The government has confirmed plans to introduce a more generous flat-rate state pension and abolish means-testing of retired people.
The scheme is expected to begin in 2017, and will pay a weekly £144 in today's money.
The actual sum will adjusted for inflation over the next four years, and annually after that.
End of complexity
The proposals will replace the current complex system, in which those who have reached the state pension age – currently 61 for women and 65 for men – qualify for a basic state pension of up to £107.45.
Currently, individuals may also receive a second state pension, which is based on earnings in work, and means-tested pension credit if they have little extra income.
These three elements will be replaced by a single, easy-to-understand payment.
The new, flat-rate pension will, however, continue to depend on how many years' National Insurance contributions individuals have made.
To qualify for the full amount, a minimum of 35 years will be required, compared with 30 at present.
And anyone who has fewer than 10 qualifying years' National Insurance payments will not be entitled to the new pension.
Winners and losers
But while many people who retire after the start of 2017 are set to benefit from the higher pensions and the end of intrusive means-testing set out in the government White Paper, those who reach pension age before then may feel they have lost out.
Existing pensioners and those who qualify for the state pension before the new system takes effect will still need to rely on the £107.45-a-week state pension, which can be topped up to £142.70 a week with pension credit and the state second pension.
Dot Gibson, general secretary of the National Pensioners Convention, said: "The white paper offers nothing to existing pensioners and leaves many of them to struggle on lower pensions and a complicated means-testing system.
"The worst affected will be around 5 million older women who don't have a pension anywhere near £144 a week and would clearly benefit if they were included in the new arrangements, but look like they are going to miss out.
"This will only add insult to injury to millions who have already made a contribution to our society but are still living in poverty."
Welcome from industry
However, other commentators took a more positive view, particularly of the fact that the scrapping of the means-tested pension credit will encourage more workers to save for their retirement.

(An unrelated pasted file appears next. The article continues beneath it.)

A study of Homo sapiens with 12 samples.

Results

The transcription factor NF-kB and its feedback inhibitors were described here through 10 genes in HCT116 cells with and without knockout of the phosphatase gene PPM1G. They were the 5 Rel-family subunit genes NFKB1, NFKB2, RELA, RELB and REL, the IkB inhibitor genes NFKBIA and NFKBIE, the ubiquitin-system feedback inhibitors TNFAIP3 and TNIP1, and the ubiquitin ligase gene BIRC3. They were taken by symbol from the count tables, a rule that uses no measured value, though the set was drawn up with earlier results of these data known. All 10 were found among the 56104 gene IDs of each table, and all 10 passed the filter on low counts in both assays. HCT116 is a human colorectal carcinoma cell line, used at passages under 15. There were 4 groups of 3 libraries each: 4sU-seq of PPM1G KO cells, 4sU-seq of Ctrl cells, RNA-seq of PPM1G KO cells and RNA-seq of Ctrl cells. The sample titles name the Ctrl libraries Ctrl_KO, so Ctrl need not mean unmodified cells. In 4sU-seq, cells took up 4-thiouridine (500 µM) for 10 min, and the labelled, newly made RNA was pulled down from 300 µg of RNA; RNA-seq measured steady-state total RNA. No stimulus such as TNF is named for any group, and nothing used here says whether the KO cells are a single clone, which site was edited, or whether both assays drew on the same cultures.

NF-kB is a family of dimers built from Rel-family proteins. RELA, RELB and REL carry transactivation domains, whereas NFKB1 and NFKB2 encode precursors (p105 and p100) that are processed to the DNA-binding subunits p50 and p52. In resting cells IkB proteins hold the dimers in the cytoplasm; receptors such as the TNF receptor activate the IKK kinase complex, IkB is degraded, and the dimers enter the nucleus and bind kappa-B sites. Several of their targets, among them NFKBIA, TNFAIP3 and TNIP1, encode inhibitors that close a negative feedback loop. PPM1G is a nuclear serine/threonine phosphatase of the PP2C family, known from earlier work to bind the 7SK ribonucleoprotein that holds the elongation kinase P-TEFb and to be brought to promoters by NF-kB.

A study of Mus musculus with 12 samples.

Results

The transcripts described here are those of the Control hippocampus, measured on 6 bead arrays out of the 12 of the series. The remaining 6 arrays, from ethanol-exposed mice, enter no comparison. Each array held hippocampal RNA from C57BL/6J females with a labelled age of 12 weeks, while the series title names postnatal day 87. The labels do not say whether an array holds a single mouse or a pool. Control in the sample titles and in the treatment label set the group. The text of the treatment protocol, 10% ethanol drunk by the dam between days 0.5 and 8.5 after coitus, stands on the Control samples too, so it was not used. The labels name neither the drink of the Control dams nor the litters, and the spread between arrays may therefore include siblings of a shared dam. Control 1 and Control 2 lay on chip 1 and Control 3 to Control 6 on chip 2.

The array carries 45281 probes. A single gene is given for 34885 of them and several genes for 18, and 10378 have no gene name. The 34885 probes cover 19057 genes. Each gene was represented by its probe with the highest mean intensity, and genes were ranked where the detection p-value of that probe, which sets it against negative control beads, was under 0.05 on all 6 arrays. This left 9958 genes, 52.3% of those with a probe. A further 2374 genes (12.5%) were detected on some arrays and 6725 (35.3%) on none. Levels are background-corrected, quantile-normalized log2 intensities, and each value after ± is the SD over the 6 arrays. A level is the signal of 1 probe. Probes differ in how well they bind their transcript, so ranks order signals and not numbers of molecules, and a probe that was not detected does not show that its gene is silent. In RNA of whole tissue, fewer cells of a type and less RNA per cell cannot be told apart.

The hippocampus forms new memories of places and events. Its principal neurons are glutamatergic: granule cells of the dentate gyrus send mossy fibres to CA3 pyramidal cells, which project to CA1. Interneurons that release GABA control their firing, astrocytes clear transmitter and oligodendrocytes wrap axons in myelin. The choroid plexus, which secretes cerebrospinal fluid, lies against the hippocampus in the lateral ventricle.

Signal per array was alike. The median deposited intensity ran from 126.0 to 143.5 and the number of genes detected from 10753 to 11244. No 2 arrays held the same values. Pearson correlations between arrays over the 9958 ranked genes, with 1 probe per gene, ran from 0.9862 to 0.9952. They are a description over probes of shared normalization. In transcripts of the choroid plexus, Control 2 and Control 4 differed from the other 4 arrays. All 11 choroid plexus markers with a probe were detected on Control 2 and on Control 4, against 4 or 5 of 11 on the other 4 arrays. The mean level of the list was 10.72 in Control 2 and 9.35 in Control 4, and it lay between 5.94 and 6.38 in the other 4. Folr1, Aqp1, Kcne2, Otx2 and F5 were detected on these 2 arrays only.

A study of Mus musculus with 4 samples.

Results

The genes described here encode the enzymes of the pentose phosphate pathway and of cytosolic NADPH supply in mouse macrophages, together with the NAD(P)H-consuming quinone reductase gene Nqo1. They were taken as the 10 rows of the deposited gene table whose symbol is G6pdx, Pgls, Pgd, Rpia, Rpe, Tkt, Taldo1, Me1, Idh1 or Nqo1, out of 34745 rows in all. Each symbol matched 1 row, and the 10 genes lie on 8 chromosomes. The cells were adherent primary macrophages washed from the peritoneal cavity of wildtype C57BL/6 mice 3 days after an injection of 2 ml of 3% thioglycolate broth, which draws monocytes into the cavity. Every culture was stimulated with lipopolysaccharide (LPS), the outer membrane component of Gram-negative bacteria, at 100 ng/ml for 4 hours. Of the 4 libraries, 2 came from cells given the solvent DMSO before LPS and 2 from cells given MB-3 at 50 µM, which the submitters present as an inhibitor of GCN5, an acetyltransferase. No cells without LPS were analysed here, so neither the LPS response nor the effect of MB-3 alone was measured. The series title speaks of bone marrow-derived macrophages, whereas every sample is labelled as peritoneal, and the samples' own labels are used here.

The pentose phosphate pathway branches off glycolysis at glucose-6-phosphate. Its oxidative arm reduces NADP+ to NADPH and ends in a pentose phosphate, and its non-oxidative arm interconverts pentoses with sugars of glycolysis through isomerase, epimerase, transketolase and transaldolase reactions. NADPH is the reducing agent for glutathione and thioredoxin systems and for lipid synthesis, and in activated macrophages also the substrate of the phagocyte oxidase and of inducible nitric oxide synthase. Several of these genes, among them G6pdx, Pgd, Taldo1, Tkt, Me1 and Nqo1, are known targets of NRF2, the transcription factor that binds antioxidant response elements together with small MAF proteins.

Joanne Segars, chief executive of the National Association of Pension Funds, said: "Today's announcement for a simpler, more generous state pension is a much-needed shake-up that will ultimately help millions of pensioners and savers.
"For the first time in a generation, people will know that it pays to save, and that whatever they put aside won’t be eroded by means-testing when they retire.
Segars added that the current state pension was "unfair, complicated, and in desperate need of an overhaul".
She said: "Its maze of payments and credits mean that even financial experts are often left wondering what they will get."
£130,000 private pension pot equivalent
The government's new flat-rate state pension of £144-a-week would be equivalent to a private pension pot of up to £130,000 at retirement, according to research by pensions provider Prudential.
Prudential's analysis shows that a 65-year-old today would need a £130,000 fund to generate the same £144 a week, assuming they secured the highest possible single life annuity without a guarantee.
An annuity is the investment vehicle that converts your private pension funds into an income that is guaranteed for the rest of your life. Click the link to read a beginner guide to annuities.
Vince Smith-Hughes, retirement income expert at Prudential, said: "The new system improves the safety net for pensioners in the UK but should only ever be regarded as part of an overall retirement plan.
"The real income shock for many will come when the gap between their current earnings and the state pension becomes apparent.
"Maintaining your standard of living in retirement means saving as much as possible as early as possible and joining a company pension scheme where feasible."